Hoos Tackle Global Health Challenges in CGHE's Case Competition


Hoos Tackle Global Health Challenges in CGHE's Case Competition

CGHE's global case competition celebrates 10th anniversary
winning team for case competition

The room was brimming with students from across Grounds at the University of Virginia ready to present their global public health cases to address Tuberculosis in Tanzania. Even though the temperatures outside hovered in the low 30s, inside, anticipation ran high. The students were participating in the 10th anniversary of the Global Health Case Competition (GHCC) hosted by the Center for Global Health Equity.

UVA is among a small group of institutions that writes a new global health case and students compete annually. Modeled on the Emory University Morningside Global Health Case Competition, interdisciplinary teams from across Grounds participate in this challenge where global partners advise and edit an original case each year, with the help of the CGHE Student Advisory Board.

“The students' energy, their endless capacity for addressing challenges, their ability to collaborate across multiple barriers, and their enthusiasm for engaging with global partners and global issues is remarkable,” said April Ballard, associate director of CGHE. “Their work during this event is the manifestation of both the good and the great.”

For this year, CGHE collaborated with Stellah Mpagama and Bibie Said from Kibong’oto Infectious Diseases Hospital in Tanzania and Scott Heysell from UVA Health, to develop the case which addressed the intersection between malnutrition and tuberculosis. Tanzania is one of the top 30 countries with the highest rates of tuberculosis.

The partners worked with student leaders on the CGHE Student Advisory Board to develop the case. The problem for this year competition was titled “Fight for equitable prevention and treatment of Tuberculosis in Tanzania”

One of the judges for the competition was Pranay Sinha, Assistant Professor of Infectious Diseases at Boston University, who described this moment as a “full circle” as he was a key member who laid the foundation for the case competition at UVA.

Dr. Dillingham with Pranay Sinha at the launch of Global Health Case Competition. Photo Credit: Pranay Sinha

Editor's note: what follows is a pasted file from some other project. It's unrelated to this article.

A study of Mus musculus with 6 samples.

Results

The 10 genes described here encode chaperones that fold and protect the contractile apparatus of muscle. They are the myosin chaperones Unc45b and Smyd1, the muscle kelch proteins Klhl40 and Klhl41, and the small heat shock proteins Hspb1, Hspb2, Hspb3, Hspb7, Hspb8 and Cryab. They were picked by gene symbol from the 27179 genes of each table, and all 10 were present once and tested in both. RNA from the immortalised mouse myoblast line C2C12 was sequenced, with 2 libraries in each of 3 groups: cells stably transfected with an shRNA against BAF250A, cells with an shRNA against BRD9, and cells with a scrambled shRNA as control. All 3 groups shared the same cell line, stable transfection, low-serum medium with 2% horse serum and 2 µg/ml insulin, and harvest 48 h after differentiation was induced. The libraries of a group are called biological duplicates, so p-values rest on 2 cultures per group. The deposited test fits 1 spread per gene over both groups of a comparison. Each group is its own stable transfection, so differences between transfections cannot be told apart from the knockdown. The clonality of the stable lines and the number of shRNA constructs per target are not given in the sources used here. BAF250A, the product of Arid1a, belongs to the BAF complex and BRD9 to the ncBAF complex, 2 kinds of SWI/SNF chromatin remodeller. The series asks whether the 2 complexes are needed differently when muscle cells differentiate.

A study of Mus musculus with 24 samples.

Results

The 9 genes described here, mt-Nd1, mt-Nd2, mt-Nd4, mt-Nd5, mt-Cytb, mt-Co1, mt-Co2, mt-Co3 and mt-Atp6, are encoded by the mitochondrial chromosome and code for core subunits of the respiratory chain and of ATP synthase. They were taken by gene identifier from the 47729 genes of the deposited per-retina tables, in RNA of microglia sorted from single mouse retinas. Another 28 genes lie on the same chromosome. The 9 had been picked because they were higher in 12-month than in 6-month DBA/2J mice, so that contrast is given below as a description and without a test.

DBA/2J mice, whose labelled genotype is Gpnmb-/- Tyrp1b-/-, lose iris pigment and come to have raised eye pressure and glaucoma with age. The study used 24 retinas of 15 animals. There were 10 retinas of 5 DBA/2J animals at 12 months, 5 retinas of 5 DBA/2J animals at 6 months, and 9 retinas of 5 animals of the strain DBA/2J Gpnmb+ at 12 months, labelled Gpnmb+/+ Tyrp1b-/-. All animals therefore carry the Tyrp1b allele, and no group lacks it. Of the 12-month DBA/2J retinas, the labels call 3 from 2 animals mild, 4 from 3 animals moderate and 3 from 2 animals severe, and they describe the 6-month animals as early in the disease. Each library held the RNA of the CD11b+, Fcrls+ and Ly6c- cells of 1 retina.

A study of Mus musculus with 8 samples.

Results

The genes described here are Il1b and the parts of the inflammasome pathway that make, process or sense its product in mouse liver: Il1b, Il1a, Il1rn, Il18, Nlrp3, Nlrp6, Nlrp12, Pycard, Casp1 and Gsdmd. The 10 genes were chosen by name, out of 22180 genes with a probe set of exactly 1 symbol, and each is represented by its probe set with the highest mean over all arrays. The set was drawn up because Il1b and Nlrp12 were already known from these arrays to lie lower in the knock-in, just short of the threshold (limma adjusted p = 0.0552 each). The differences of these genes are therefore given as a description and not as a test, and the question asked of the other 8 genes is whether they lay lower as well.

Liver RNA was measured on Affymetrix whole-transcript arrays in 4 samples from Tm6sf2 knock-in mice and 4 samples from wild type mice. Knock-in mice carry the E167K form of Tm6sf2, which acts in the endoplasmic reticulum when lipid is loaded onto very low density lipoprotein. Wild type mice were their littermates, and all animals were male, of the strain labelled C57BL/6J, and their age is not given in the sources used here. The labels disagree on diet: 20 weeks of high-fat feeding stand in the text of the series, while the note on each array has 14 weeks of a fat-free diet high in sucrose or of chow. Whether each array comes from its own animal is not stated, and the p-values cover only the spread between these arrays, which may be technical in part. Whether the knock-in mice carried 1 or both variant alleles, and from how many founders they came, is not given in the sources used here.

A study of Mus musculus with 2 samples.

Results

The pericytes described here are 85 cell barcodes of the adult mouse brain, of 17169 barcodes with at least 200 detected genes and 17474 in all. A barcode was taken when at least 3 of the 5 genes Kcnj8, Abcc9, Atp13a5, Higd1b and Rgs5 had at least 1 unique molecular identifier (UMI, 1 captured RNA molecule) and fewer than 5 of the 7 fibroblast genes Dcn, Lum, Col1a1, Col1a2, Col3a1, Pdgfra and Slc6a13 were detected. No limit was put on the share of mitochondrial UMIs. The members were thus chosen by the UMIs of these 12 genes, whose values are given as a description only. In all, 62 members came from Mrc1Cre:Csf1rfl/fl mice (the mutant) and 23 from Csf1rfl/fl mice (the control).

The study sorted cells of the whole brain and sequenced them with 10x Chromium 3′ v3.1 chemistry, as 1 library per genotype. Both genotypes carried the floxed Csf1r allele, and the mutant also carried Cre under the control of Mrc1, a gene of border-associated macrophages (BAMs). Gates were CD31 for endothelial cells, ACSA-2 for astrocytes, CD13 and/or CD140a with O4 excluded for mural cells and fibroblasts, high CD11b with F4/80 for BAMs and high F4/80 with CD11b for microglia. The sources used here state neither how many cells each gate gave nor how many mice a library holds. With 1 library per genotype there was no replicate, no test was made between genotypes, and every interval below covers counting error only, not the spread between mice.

A decade ago, as a student at UVA, he signed up for the Emory case competition. Sinha was teamed up with a nurse, an engineering student, a commerce student, an education student, and an anthropology major on a challenging case study of post-civil war Sri Lanka dealing with a plethora of health and equity issues with inadequate funding.

“I realized that UVA needed an internal competition to prepare us better,” Sinha said. “But more importantly, global health case competitions lay bare the need for a plurality of thought and perspectives to handle thorny, cross-cutting problems that are not amenable to simple biomedical approaches.”

Teaming up with Colleen Laurence, an UVA alum, who was returning to CVille to go to Medical School, Rebecca Dillingham and April Ballard at the Center for Global Health Equity along with other student leaders on campus, Sinha helped establish the first UVA case competition.

This competition has run successfully for the past decade driven mainly by student participation and interest. This year, thirty two  student teams registered to compete in GHCC. For the winner, the judges considered how well the teams understood the problem, how practical and acceptable their recommended interventions were, how well they delivered their presentation and how effectively they answered questions during the Q&A session.

The winner for this year’s case competition was Team #21. It included Briana Corrielus, a 3rd year student majoring in cognitive science and youth and social innovation at UVA School of Education and Human Development; Mackenzie Chen, a 1st Year Human Biology major at College of Arts and Sciences; Yash Patel, a 3rd Year Biology major at College of Arts and Sciences; and Nina Jannatifar, a 4th Year Chemistry major in the College of Arts and Sciences.

Hearing our guest judges share their experiences and views helped us gain a better understanding of what the community actually needs, rather than what we think it needs.

Speaking about the competition, Patel said that one of the factors that helped them was having lived through the COVID-19 pandemic. “Observing how different dimensions in life can be unrooted by this infectious disease gave us a unique lens to approach this issue.” While another team member credited the opportunity to interacting with guest judges from Tanzania. “When developing ideas for public health initiatives, it’s imperative to understand the local context and prioritize the needs of the community,” said Chen. “Hearing our guest judges share their experiences and views helped us gain a better understanding of what the community actually needs, rather than what we think it needs.”

Sinha reflects that the competition has changed how he approaches his work and also has introduced him to his best friend Colleen Laurence. “It imbued me with a natural instinct to reach across disciplines which has informed my work today,” he said adding that TB has been described as a social disease with a medical aspect. “I work with nurses, nutritionists, social workers, economists, data scientists, and basic scientists to understand the impact of undernutrition on TB in India which is closely related to the topic of the first UVA case competition.”

Students who have participated in the competition share Sinha’s enthusiasm for the competition.  “I am extremely grateful for the opportunity to collaborate across disciplines and have crucial dialogue on a pressing matter and help develop ideas that could have a real-world impact,” Jannatifar said.